Atmospheric Water Generation Research
Evaluating technologies that produce potable water from the air
Atmospheric water generation (AWG) uses technology to produce potable water from surrounding air. This provides the potential to expand water availability during shortages, contamination events, and other issues that can interrupt drinking water services. Natural disasters, such as hurricanes, and public water infrastructure failures, such as pipe corrosion resulting in contamination issues, have increased the interest in AWG technology as both emergency and long-term supply solutions.
Atmospheric Water Generators
AWG generators range from home-based units that can produce 1 to 20 liters of water per day to commercial-scale units capable of 1,000 to over 10,000 liters per day. Water production rates are highly dependent upon the air temperature and the amount of water vapor (i.e., humidity) in the air. The most commonly used AWG systems employ condenser and cooling coil technology to pull moisture from the air in the same way a household dehumidifier does. Although significant quantities of energy can be required to operate these condenser and fan systems, recent technological advancements have substantially improved the energy-water ratio—increasing the feasibility of using these systems to help augment the Nation’s drinking water resources.
Cooperative Research Partnership
In September 2017, EPA’s Office of Research and Development announced a new Cooperative Research and Development Agreement (CRADA) to further advance the science of AWG and assess its potential as a water production and supply solution. Specifically, EPA signed a CRADA with Watergen to evaluate their GEN-350 system. Watergen is a corporation developing cutting-edge AWG technology. The GEN-350 can generate nearly 600 liters of water per day in optimal temperature and humidity conditions. (Infomation about WatergenExit)
Research and Evaluation
A Watergen AWG test unit was evaluated at one of EPA’s laboratry facilities for collaborative research purposes. Although high quality water is anticipated from SWG units, volatile organic compounds in the air can dissolve in the condensate, providing a food source for microbial growth in plumbing and stored water. An initial review of water quality data provided by Watergen confirmed both the generally high quality of produced water (e.g., no elemental analyses above current EPA drinking water standards), and an elevated level of overall microbial numbers, as defined by heterotrophic plate counts (HPC). The HPC method provides an overall estimate of colony forming heterotrophic bacteria in water. Indicators of fecal contamination, such as fecal coliforms and Escherichia coli, were not detected.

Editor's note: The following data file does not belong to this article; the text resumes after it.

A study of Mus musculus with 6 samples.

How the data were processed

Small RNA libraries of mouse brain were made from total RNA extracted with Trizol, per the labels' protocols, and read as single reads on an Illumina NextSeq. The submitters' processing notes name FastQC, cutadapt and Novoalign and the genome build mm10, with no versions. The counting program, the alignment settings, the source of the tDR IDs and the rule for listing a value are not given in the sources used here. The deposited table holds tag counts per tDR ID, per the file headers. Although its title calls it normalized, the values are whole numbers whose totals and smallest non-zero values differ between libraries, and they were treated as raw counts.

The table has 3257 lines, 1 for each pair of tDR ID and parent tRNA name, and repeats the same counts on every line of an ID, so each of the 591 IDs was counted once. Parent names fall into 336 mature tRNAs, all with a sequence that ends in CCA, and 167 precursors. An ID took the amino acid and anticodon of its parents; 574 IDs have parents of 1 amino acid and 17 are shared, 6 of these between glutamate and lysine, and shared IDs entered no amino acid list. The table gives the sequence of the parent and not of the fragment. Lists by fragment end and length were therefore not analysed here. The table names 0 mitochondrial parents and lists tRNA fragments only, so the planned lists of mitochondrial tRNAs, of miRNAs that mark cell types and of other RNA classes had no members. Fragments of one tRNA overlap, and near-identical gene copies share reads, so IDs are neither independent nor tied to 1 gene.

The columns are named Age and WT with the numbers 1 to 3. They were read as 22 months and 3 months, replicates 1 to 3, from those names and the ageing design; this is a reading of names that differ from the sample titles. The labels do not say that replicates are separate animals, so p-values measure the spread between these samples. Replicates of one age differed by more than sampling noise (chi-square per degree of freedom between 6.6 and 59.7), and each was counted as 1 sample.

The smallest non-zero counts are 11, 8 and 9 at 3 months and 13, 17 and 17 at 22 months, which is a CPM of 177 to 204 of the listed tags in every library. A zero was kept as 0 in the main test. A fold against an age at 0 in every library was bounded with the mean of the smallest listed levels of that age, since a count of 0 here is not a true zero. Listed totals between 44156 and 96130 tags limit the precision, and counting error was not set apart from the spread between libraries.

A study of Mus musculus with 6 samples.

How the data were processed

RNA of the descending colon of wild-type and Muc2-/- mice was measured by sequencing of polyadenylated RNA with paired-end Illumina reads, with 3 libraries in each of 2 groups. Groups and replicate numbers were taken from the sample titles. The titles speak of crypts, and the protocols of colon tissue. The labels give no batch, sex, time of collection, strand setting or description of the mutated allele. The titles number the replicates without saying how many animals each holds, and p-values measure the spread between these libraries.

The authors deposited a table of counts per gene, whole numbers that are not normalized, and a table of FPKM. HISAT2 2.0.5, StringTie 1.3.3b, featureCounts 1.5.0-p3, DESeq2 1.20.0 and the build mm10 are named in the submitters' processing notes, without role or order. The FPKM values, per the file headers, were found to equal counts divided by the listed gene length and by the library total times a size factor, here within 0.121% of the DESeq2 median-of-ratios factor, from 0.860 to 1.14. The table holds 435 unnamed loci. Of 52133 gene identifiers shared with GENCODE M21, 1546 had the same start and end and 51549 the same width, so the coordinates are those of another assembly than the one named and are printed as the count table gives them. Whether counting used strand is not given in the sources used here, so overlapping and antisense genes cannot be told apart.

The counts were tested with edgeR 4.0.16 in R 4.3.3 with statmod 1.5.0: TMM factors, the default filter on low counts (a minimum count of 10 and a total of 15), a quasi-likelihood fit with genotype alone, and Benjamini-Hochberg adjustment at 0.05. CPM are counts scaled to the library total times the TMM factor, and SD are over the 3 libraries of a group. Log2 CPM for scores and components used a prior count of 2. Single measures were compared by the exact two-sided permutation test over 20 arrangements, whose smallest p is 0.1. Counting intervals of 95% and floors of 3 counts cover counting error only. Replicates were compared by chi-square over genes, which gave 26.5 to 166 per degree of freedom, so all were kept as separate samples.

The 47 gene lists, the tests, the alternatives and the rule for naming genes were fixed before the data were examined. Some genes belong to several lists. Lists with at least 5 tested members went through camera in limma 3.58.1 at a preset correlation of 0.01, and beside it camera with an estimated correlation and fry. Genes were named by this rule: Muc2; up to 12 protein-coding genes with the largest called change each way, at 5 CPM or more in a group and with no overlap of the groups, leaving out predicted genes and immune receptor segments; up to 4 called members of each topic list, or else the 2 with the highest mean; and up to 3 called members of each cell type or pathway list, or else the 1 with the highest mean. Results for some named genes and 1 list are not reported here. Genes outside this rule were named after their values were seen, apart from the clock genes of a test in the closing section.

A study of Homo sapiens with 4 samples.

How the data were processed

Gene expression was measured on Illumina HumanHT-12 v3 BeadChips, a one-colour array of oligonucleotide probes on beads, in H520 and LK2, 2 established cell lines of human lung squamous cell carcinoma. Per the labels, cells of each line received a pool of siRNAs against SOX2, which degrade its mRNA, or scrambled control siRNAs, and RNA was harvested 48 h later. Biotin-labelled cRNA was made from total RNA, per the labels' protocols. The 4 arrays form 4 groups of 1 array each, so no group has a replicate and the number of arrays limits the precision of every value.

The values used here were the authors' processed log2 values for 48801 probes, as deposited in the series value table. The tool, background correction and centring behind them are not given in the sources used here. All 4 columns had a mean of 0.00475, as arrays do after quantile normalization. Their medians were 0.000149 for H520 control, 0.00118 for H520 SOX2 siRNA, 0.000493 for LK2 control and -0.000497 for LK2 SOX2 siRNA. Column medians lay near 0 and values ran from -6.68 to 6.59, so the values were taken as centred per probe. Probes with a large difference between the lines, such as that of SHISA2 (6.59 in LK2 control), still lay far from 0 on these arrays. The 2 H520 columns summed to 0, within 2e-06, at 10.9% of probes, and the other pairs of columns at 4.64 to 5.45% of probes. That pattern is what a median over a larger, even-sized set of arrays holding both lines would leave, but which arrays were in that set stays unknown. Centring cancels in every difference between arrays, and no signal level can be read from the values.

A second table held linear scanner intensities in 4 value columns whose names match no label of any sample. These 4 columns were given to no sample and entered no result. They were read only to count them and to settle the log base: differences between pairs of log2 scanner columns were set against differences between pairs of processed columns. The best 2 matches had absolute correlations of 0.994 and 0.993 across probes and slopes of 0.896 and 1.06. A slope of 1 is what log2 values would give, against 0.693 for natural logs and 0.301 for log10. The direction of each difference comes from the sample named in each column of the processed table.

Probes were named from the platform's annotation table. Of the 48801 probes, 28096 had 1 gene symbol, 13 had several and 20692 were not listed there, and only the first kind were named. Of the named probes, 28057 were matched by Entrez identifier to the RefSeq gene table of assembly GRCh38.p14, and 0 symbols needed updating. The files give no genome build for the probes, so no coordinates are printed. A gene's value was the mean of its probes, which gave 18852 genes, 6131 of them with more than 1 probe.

The goal of the research study under the CRADA was to evaluate the microbial quality of untreated condensate and produced treated water from a Watergen GEN-350 unit during three months of continuous operation. In the absence of disinfection substances/system there can be microorganisms as determined by HPC. These microorganisms may not represent a direct human health risk, but positive HPC results suggest favorable conditions for microbial growth. The primary microorganisms of human health concern are opportunistic pathogens that can grow in drinking water infrastructure, such as Legionella spp. and Mycobacterium spp.
Research Results and Conclusions To-Date
Neither Legionella nor Mycobacteria were detected in weekly samples. However, EPA testing confirmed high HPC results in both treated and untreated waters. All test results indicated that the water produced by Watergen’s GEN-350 is microbiologically safe for human consumption. Watergen has acknowledged the need for further disinfection to reduce the risk of microbial growth. They offer a disinfection process unit as part of an overall solution for the GEN-350 treatment train. The unit is intended for long–term water preservation.
EPA is interested in evaluating AWG units from other vendors.